Scotland's First Minister Nicola Sturgeon says she plans to trigger another independence referendum.
Ms Sturgeon said the vote could be held in autumn 2018 at the earliest.
Speaking at Bute House in Edinburgh she said: "In my view it is important that Scotland is able to exercise the right to choose our own future at a time when the options are clearer than they are now, but before it is too late to decide our own path."
Since the UK vote to leave the European Union, Ms Sturgeon has repeatedly said a second independence referendum is "highly likely".
Scots voted 62% to 38% to remain the EU while the UK as a whole voted to leave.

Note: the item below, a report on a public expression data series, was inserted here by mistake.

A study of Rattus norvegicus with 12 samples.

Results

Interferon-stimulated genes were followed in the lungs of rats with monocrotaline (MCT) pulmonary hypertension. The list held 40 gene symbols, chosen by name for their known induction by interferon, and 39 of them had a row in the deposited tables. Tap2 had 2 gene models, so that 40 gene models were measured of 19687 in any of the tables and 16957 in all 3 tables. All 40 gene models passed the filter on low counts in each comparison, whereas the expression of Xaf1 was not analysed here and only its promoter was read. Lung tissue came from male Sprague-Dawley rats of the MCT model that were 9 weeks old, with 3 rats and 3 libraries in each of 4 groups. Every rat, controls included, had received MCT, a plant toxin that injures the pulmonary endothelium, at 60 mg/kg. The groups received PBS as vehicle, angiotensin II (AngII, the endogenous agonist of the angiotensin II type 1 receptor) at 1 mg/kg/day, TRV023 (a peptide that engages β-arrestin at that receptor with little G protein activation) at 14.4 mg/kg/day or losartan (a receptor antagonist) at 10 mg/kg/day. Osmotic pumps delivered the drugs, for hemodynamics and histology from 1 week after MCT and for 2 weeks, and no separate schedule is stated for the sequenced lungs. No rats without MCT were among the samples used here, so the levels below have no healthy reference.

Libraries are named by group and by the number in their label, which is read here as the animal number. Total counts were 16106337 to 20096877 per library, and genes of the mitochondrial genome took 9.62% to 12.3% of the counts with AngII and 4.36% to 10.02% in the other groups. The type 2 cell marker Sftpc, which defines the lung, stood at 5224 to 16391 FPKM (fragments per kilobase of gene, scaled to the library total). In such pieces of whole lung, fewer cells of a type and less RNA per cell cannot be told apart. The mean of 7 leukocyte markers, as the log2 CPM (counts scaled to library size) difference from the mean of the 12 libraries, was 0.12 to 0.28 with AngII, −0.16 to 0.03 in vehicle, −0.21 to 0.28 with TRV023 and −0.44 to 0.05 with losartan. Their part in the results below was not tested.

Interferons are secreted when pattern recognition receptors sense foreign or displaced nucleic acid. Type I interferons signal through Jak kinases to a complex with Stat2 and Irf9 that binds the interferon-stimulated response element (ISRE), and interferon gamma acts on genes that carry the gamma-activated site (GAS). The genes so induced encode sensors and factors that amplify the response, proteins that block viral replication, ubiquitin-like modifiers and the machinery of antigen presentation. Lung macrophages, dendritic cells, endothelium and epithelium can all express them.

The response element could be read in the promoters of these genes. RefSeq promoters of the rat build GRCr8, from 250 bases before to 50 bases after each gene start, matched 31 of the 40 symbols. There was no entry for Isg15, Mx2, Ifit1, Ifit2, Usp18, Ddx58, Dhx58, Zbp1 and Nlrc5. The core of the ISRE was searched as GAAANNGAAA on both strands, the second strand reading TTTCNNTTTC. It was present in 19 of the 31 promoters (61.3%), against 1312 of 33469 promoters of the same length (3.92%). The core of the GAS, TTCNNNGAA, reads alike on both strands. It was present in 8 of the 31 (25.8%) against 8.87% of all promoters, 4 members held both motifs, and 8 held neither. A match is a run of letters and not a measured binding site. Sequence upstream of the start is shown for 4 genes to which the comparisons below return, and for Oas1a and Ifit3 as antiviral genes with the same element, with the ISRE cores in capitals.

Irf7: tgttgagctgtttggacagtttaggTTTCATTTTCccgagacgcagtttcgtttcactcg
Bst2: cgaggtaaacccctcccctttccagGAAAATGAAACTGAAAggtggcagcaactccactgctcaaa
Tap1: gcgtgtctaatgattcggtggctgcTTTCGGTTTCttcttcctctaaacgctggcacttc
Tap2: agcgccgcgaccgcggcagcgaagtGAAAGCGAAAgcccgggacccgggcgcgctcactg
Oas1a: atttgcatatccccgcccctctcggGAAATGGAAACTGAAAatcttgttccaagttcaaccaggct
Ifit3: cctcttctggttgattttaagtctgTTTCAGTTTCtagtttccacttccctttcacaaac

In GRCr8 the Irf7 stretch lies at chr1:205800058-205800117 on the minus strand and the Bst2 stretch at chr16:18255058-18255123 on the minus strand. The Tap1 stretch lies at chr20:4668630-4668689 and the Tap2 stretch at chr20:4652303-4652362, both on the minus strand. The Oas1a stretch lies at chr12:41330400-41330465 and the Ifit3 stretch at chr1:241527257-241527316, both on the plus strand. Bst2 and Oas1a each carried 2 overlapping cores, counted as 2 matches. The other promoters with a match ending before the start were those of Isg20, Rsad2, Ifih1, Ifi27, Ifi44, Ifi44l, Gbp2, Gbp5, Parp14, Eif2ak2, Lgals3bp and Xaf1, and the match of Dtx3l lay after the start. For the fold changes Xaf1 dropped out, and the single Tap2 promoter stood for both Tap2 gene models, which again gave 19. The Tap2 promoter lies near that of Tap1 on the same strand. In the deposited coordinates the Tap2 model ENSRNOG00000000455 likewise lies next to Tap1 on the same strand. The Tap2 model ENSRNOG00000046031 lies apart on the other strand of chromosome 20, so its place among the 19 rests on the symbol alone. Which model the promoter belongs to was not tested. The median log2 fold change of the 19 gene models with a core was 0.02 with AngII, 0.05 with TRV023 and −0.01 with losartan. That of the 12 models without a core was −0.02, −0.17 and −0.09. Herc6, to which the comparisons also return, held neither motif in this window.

Ms Sturgeon said: "The timing of the Brexit negotiations are not within the control of the Scottish Government. However, we must plan on the basis of what we do know now and what we know is that on the timetable set out by the Prime Minister, the shape of the Brexit deal will become clear in the autumn of next year ahead of ratification votes by other EU countries.
"That is therefore the earliest point at which a referendum would be appropriate."
Ms Sturgeon had called for Scotland to be given a "differentiated deal'' which would see the country remain part of the European single market through membership of the European Economic Area, but said the UK Government has refused to compromise.
She said Theresa May and the UK Government had been given "every opportunity" to compromise but had "not moved even an inch".
The First Minister said appeals have been met with a "brick wall of intransigence".